Personal information you share with me may be entered into your records in written form. However, an effort is generally made to avoid the entry of information that may be especially sensitive or embarrassing. The only individuals with access to my files are staff members who provide direct services to you or perform related clerical tasks. All of these persons are aware of the strictly confidential nature of the information in the records. Persons from outside my office are not allowed access to my files. Please note, however, that insurance companies and managed care companies may request to inspect any information contained in your file.




If for some reason, there is a need to share information in your record with someone not employed here (for example, your physician or another therapist), you will first be consulted and asked to sign a form authorizing the transfer of the information. Because of the sensitive nature of the information contained in some records, you may wish to discuss the release of this material and related implications very carefully before you sign. The form will specify the information, which you give me permission to release to the party, and will specify the time period during which the information may be released. You can revoke your permission at any time by simply giving a written notice.




There are several important instances when confidential information may be released to others. First, if the Court (“court-ordered”) has referred you to my office, you can assume that the Court wishes to receive some type of report or evaluation. You should discuss with me exactly what information might be included in a report to the Court BEFORE you disclose any confidential material. In such instances, you have a right to tell me what you want me to know.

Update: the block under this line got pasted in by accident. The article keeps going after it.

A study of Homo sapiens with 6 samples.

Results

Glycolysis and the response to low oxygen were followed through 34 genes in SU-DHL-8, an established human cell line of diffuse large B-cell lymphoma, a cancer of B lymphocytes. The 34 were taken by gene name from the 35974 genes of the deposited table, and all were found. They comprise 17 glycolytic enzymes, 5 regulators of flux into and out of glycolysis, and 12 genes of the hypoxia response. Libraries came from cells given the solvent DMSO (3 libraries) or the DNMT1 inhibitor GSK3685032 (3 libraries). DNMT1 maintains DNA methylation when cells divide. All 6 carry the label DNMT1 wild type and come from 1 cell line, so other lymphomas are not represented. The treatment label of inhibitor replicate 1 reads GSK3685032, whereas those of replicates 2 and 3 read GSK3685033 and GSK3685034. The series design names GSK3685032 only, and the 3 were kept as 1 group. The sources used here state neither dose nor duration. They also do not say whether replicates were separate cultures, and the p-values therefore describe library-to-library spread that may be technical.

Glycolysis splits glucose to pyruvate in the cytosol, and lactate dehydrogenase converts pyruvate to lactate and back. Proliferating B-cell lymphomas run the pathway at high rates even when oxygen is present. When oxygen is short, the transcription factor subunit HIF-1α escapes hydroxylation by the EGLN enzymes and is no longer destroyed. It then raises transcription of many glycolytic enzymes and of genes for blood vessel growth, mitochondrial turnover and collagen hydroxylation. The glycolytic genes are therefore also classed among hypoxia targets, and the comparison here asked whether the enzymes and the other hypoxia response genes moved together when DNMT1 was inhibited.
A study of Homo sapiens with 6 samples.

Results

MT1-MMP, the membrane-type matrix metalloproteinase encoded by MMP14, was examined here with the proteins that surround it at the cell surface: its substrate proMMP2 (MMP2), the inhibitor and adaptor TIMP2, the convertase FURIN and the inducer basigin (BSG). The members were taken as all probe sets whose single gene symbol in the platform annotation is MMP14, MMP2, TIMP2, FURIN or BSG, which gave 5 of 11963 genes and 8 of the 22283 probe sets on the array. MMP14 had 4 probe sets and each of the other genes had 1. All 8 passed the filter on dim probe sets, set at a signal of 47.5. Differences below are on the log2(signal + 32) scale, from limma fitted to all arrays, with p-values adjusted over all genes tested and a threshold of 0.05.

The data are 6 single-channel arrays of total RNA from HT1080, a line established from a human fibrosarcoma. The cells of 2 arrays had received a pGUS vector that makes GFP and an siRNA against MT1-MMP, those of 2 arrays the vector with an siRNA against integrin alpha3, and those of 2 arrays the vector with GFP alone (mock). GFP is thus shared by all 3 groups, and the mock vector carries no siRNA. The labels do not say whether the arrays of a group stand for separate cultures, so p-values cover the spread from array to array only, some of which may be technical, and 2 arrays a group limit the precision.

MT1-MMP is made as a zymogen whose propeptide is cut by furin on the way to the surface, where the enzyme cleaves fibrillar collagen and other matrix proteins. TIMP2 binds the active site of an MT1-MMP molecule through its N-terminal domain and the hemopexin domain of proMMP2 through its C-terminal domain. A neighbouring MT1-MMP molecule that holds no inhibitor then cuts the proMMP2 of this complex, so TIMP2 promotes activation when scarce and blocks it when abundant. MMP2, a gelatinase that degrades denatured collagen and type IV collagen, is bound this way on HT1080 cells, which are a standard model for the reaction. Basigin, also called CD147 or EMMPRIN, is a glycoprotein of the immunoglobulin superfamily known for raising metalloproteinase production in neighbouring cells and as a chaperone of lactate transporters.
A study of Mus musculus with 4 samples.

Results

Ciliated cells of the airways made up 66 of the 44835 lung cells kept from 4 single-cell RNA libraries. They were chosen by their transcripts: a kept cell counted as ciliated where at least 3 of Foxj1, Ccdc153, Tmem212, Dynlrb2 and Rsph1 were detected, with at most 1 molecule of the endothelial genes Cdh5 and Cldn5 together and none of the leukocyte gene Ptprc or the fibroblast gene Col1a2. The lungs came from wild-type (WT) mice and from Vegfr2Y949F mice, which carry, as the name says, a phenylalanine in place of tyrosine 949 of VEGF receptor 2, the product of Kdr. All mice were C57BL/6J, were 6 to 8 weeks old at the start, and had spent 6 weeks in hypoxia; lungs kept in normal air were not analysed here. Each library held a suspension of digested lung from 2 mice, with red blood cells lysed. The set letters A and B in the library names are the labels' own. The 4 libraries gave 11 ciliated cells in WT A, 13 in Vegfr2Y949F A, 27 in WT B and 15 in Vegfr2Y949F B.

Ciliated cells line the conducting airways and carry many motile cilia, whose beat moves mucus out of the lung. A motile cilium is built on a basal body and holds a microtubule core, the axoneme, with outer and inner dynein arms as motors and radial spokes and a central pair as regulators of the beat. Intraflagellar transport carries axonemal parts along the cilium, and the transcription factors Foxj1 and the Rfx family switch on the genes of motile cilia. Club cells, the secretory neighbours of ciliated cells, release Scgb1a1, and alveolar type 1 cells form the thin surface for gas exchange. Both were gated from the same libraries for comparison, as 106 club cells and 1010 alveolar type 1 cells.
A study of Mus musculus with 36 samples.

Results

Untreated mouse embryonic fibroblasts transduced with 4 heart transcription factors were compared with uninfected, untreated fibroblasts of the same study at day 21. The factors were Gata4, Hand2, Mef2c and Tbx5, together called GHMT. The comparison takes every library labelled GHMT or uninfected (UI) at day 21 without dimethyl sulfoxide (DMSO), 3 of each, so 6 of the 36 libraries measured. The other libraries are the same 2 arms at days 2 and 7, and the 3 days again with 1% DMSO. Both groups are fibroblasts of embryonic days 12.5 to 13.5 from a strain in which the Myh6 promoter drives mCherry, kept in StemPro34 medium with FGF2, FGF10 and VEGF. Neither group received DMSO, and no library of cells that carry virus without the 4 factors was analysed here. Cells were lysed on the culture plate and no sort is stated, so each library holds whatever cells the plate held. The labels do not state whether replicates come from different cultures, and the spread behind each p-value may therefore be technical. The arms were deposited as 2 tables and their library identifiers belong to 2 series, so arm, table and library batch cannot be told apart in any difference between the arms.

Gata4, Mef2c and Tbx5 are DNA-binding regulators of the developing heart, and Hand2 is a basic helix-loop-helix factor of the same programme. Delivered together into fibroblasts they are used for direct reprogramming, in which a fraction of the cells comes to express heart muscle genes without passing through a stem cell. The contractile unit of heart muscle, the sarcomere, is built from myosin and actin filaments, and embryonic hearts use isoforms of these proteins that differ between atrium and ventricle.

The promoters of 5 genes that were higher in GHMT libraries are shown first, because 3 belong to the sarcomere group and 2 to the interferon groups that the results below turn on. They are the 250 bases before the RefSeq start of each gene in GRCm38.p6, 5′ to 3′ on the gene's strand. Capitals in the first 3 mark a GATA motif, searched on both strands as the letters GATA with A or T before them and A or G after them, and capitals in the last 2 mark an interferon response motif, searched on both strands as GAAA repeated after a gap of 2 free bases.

Second, if you are involved in litigation of any kind and inform the Court of the services that you received from me (making your mental health an issue before the court), you may be waiving your right to keep your records confidential. You may wish to consult your attorney regarding such matters before you disclose that you have received treatment.


Third, if you threaten to harm either yourself or someone else, and I believe your threat to be serious, I am obligated under the law to take whatever actions seem necessary to protect people from harm. This may include divulging confidential information to others and would only be done under unusual circumstances where someone’s life appeared to be in danger.


Fourth, if I have reason to believe you are abusing or neglecting your children, I am obligated by law to report this to the appropriate state agency. The law is designed to protect children from harm, and the obligation to report suspected abuse or neglect is clear in this regard.


Fifth, when the abuse of an elderly person is known or suspected. (Reporting is required by State Law)


Sixth, if you initiate a lawsuit against your therapist.


In addition, there may be some other rare instances in which you waive your rights to have your records protected. If you are involved in any type of current or potential legal difficulties, I suggest that you discuss such matters with your attorney before informing others of the services you have received here.


In summary, I make every reasonable effort to safeguard the personal information which you may share with me. There are, however, certain instances when I may be obligated under the law to release such information to others. If you have any questions about confidentiality, please discuss them with me.



As parent or guardian of the above minor child or client, I voluntarily give my permission for his/her permission as a client.